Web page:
The Mayor appeared before Thursday's budget committee and used the opportunity to announce his fares package for the coming year. This naturally overshadowed the rest of the business which covered budget plans for the Fire Authority and the London Development Agency.
Boris announced a fares increase of inflation plus 1% on average, although this will vary with some ticket types rising by less. He claims that this rise is needed to fix a 'black hole' left in the budget by the previous incumbent, although there were claims from other members that some of his new policies were adding the extra costs. I'm inclined to give the Mayor the benefit of the doubt for several reasons:
1. Changing this organisation is like turning a super tanker. Boris has only just started to bring in his policies so any costs incurred will be minimal. The TfL representative confirmed that new policies had not been considered when planning this fares package.
2. Livingstone had previous form. Four years ago he promised fare cuts before the election then put them up several months after he had won. History is repeating itself.
3. During the election correspondence from TfL emerged, showing that officials were concerned about the gap they had identified in the Livingstone's budget.
4. Livingstone in fact agreed the inflation plus 1% increase at a TfL board meeting which he chaired before the election. He then changed his decision as the election approached, causing consternation at TfL.
There are a lot of claims and counter claims being made, so I was pleased that the Mayor responded positively to my request that TfL's advice to his predecessor be released to committee members so we can see exactly who decided what, and when.
Meanwhile, there was good news on the 24 hour Freedom Pass, now due to go live with the new fares package in January. The cut price fares for claimants on income support have also been maintained, despite speculation that they would be abolished along with the Venezuela oil deal.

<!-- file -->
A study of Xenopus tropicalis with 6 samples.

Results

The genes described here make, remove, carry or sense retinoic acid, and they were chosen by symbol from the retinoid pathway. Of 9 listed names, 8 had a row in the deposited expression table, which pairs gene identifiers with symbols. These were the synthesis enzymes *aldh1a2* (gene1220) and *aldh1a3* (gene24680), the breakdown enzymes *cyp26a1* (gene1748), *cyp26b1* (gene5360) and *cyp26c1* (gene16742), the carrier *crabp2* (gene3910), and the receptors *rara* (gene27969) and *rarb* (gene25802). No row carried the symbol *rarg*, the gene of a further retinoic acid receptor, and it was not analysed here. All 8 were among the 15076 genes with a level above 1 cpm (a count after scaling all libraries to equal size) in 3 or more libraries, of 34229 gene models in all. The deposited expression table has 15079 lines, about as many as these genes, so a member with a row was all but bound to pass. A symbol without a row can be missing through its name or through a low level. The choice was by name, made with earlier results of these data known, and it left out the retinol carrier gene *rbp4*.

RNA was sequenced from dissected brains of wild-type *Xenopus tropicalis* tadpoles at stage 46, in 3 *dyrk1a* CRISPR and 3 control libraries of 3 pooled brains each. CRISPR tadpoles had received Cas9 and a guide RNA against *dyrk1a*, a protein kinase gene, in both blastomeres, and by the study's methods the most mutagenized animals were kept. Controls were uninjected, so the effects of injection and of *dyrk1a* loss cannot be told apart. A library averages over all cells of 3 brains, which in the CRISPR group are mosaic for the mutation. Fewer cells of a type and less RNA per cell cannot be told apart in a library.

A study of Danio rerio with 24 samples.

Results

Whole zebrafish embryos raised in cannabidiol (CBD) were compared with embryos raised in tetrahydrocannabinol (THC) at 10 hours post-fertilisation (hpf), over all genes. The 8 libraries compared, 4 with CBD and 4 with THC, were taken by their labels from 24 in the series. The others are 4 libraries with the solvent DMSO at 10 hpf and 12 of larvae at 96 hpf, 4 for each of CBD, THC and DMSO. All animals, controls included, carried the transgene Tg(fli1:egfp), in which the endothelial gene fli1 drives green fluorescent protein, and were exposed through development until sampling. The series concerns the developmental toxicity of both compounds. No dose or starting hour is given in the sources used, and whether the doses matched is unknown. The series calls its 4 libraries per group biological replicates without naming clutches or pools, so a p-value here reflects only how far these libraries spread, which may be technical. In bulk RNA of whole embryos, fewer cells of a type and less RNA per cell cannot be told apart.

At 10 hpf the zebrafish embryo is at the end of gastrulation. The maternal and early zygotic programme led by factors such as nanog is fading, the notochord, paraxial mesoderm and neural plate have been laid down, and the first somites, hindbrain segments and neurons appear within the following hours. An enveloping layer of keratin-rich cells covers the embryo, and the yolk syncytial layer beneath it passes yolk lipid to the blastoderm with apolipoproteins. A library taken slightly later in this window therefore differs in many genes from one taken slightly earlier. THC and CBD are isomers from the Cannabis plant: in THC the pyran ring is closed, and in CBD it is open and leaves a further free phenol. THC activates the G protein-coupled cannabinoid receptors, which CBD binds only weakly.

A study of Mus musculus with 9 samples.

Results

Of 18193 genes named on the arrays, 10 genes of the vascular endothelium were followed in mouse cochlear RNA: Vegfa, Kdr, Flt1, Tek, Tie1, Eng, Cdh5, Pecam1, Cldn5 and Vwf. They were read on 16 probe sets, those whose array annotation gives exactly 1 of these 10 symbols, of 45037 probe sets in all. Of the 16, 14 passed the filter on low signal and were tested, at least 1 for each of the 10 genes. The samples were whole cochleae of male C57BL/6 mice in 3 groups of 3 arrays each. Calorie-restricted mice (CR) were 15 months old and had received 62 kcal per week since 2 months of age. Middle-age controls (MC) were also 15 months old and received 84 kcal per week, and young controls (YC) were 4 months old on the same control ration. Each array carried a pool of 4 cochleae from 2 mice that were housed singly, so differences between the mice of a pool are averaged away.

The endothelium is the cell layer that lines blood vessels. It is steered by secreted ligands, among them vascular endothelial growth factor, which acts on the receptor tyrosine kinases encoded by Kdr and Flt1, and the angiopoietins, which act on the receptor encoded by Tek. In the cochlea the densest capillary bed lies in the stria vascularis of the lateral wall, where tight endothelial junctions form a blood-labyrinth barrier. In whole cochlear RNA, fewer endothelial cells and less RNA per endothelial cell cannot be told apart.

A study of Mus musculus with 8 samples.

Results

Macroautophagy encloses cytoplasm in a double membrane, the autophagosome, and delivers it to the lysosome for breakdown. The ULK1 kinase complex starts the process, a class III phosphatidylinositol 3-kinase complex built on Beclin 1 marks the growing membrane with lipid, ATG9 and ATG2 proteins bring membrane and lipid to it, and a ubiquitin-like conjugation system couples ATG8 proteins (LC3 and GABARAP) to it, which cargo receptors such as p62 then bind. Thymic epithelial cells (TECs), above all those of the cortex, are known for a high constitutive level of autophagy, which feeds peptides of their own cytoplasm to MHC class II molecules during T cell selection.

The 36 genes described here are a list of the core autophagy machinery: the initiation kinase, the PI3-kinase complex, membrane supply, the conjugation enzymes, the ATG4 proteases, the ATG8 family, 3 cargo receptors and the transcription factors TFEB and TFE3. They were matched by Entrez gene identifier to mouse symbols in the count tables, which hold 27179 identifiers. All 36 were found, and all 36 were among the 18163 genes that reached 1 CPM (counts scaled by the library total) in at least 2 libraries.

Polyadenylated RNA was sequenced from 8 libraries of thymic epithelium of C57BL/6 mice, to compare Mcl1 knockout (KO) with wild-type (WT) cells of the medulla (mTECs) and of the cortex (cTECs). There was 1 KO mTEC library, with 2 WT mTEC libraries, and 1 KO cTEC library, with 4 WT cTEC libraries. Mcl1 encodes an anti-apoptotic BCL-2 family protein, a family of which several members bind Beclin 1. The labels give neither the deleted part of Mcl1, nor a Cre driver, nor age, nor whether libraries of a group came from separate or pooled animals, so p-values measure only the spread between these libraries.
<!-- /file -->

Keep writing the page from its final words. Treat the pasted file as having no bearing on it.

Chairman Brian Coleman provided a typically assertive performance, telling the committee that he was aiming for zero growth in his budget. It will be challenging to turn around a settlement which has relied on raiding the reserves in recent years, but he had some interesting ideas, including the sharing of corporate functions with other GLA functional bodies - always possible since the creation of the GLA, but never before seen as a priority -, a review of training services, and plans to move the Fire Brigade Museum to a more accessible location.
Brian undertook to maintain the number of front line fire fighters and appliances, indeed there are plans to open a new fire station in Havering, the first new fire station in many years.
The authority will also fund resilience costs - equipping us to respond to terrorist attacks - if the government refuse to provide the money, as they have in the past.
London Development Agency
The previously troubled LDA quickly came under new management and chief executive, Peter Rogers, made his first appearance before the committee. He is rightly keen to establish new priorities with his board before speculating in a public forum, but he did indicate that future funding would be focused on larger projects where the returns would be more reliable and the burden of monitoring would be eased.
We were pleased to hear that board meetings would be held in public, and that a standing public item would allow discussion of the Mayor's directions to the authority. This level of transparency was one of the key recommendations from Patience Wheatcroft's forensic audit which followed the new Mayor's election.
So, a lot of ground was covered in a couple of hours. The committee plans to monitor future activities of the functional bodies and also plans to do some stand alone reviews, including an informative look at the true costs of transport policing. It promises to be a full and interesting year.